Lori started her conversation with me discouraged. “I didn’t think it would be this hard. I thought, by now, I wouldn’t have to defend our decision to homeschool.” For her 9th grade son, there was a pull to not just play on the high school sports team, but to feel a complete part of the team by attending public school. This was creating friction in their home.
High school presents another chapter in the decision to homeschool. While it can be a starting point for some, more often than not, it is a time when parents evaluate their options and question what the best educational choice is for their student. This question often stems from a student who feels he will somehow miss out by being homeschooled in high school.
Teens are wired to want to grow their independence and find their identity outside of the nuclear family structure. Up until now, their identity has been chosen for them as “John and May’s youngest son”, or “part of the 4-H horse bowl team”. They’ve attended park events that we’ve arranged, taken classes that we have signed them up for, and invested time in activities and with the people we have surrounded them with.
Everyone wants to be part of something larger than just him or herself. In search of their identity, acceptance and belonging, teens may question who and what they have identified with in the past. They may also be challenged to defend their identity in ways that no other generation before them has been challenged. If our teens are not able to give a clear answer as to their choices and associations, it can lead to a sense of insecurity and a need to belong.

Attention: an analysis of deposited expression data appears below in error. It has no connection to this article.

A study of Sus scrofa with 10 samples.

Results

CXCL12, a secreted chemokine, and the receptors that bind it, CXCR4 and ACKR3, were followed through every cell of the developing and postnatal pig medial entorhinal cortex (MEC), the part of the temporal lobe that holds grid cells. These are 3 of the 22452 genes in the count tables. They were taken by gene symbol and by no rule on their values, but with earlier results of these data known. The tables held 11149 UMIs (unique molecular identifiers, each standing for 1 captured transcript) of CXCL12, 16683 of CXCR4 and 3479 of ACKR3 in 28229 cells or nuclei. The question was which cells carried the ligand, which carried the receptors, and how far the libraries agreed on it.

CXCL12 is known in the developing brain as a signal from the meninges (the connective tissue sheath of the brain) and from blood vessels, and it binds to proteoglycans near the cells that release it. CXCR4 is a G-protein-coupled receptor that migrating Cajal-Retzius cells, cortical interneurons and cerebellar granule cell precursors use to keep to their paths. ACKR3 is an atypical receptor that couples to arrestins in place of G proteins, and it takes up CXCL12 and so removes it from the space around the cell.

Paul reminds us in Ephesians 6 that the devil works to create confusion and undermine the identity we can proclaim as sons and daughters of the living King. There are truths, power, and promises we can be sure of. The first defense against this confusion is to help your student understand and claim his identity in Christ. Many students between 18 – 22 stop attending church. Don’t wait until your student seeks independence before encouraging him to consider his choices and act according to his own beliefs. Encourage him to be a leader, to think critically about his decisions, and continue to seek your guidance and counsel. Students who feel equipped and encouraged to grow into the shoes of an adult will have less desire to be part of a flock of followers.
The second defense against identity theft is to help your student develop a vision for himself beyond the temporary status of being a student. Prepare your student for his role in society by creating a connection between high school and the career of his dreams. Each year, discuss the life skills (home repair, CPR, personal financial management) and career skills he wants to be intentional in developing. Together, brainstorm ideas for how these will be cultivated. Outside of home teaching, encourage him to get connected in the community with groups of his own, internships, volunteering, and a part-time job. Remind him that as a homeschooler, he is in control of his time, which allows him the freedom to develop a special talent, delve into an interest or hobby, create lasting relationships with grandparents, enjoy traveling, or even start his own business.
When your student’s strengths emerge and that vision of his future self is forming, help him find labels with which he can identify (runner, guitarist, graphic designer). We all use labels to describe and define our identity – stay-at-home mom, attorney, blogger. These labels become the fabric, and even talking points, of our identity. They help us feel a sense of belonging. As we identify who God us made us to be and the gifts He bestowed on us, ultimately, these labels point towards our true identity – sons and daughters of the King.
Copyright © 2016 Credits Before College LLC.
This article was written and printed with permission in the Paper MACHE, April 2016. Cheri is a workshop presenter for the 2016 MACHE Homeschool Conference.